Consortium member

Débora Sobreira



Main study

Main Research Interests

  • Variant-to-function
  • Complex traits
  • Gene regulation


Dr. Débora Sobreira has a degree in Biological Sciences from University of Campinas (Unicamp) in Brazil. She received her M.Sc. and Ph.D in Genetics from Unicamp by general ‘rules’ governing the regulation of multi-potent mesodermal precursor cells in the context of limb birth defects and human diseases. She unveiled a role of the Dact gene family as modulators and integrators of Wnt and Tgf-β signaling pathways during limb development, providing insights in intracellular regulatory networks. Studying how regulatory programs govern development she became interested in how gene regulation and genetic variation contribute to diseases. Thus, for her postdoctoral training, she joined the lab of Prof. Marcelo Nobrega at the University of Chicago to explore gene regulation in the context of complex diseases.

Dr. Débora Sobreira has used genomics technologies to address how noncoding variations lead to phenotypic variation. She is interested in understanding the consequences of genetic variation on molecular, cellular and organismal traits using a comprehensive set of genetic, molecular, and developmental biology methods. In that context, she has successfully pursued noncoding GWAS hits, establishing experimental strategies for the identification of long-range regulatory elements and the demonstration that genetic variation within these regulatory units often underlies the association signals emerging from GWAS. Using various experimental platforms ranging from cell culture to whole-systems in vivo, she has developed and standardized assays to test for variety of questions involving the genetic architecture of complex traits and the functional consequences of noncoding variation in loci associated with diseases such as obesity and diabetes. These studies have resulted in a number of fundamental discoveries that challenged previous paradigms and paved the way for the functional follow-up of genetic associations.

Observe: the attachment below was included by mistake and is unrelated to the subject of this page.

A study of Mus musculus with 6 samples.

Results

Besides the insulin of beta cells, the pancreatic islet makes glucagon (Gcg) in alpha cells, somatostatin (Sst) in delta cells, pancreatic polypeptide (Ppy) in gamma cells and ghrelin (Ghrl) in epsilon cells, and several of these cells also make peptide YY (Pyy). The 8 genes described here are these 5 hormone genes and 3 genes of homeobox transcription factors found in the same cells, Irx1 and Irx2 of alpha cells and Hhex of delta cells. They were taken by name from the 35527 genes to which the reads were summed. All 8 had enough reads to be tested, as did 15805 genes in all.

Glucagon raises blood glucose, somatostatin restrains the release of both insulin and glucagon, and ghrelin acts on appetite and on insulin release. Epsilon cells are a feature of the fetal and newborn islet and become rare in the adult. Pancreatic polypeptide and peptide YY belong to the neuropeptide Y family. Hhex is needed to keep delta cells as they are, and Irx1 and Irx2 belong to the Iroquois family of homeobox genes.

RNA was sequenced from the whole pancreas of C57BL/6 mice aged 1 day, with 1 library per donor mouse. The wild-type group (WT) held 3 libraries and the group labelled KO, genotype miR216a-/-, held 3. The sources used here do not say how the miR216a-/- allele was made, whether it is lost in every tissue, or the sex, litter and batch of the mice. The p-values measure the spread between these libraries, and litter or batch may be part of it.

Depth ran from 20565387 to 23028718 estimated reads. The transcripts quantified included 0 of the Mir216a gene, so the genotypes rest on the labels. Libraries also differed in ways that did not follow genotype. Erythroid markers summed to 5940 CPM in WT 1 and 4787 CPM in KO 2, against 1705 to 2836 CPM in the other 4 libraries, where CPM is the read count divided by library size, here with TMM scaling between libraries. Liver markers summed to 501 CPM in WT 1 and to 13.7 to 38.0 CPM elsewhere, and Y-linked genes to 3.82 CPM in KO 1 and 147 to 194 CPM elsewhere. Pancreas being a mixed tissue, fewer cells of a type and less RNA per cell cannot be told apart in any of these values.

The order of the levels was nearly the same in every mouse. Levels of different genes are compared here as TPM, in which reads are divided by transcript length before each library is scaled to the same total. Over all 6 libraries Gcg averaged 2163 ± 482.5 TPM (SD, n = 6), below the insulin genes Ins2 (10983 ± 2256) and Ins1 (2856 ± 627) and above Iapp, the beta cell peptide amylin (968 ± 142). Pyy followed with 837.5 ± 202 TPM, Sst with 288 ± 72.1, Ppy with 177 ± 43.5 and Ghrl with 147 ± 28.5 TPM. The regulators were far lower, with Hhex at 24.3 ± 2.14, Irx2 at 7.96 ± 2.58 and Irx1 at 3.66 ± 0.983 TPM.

Key Research Outputs

Extensive pleiotropism and allelic heterogeneity mediate metabolic effects of IRX3 and IRX5. Sobreira, D.R., et al  (2021) Science 372(6546):1085-1091.

Regulatory Landscapes of Nppa and Nppb. Sobreira, D.R. & Nóbrega, M.A. (2021) Circulation Research 128(1):130-132.

A functional genomics pipeline identifies pleiotropy and cross-tissue effects within obesity-associated GWAS loci. Joslin, A.C.*, Sobreira, D.R*., et al (2021). Nature Communications 12: 5253,*equal contribution.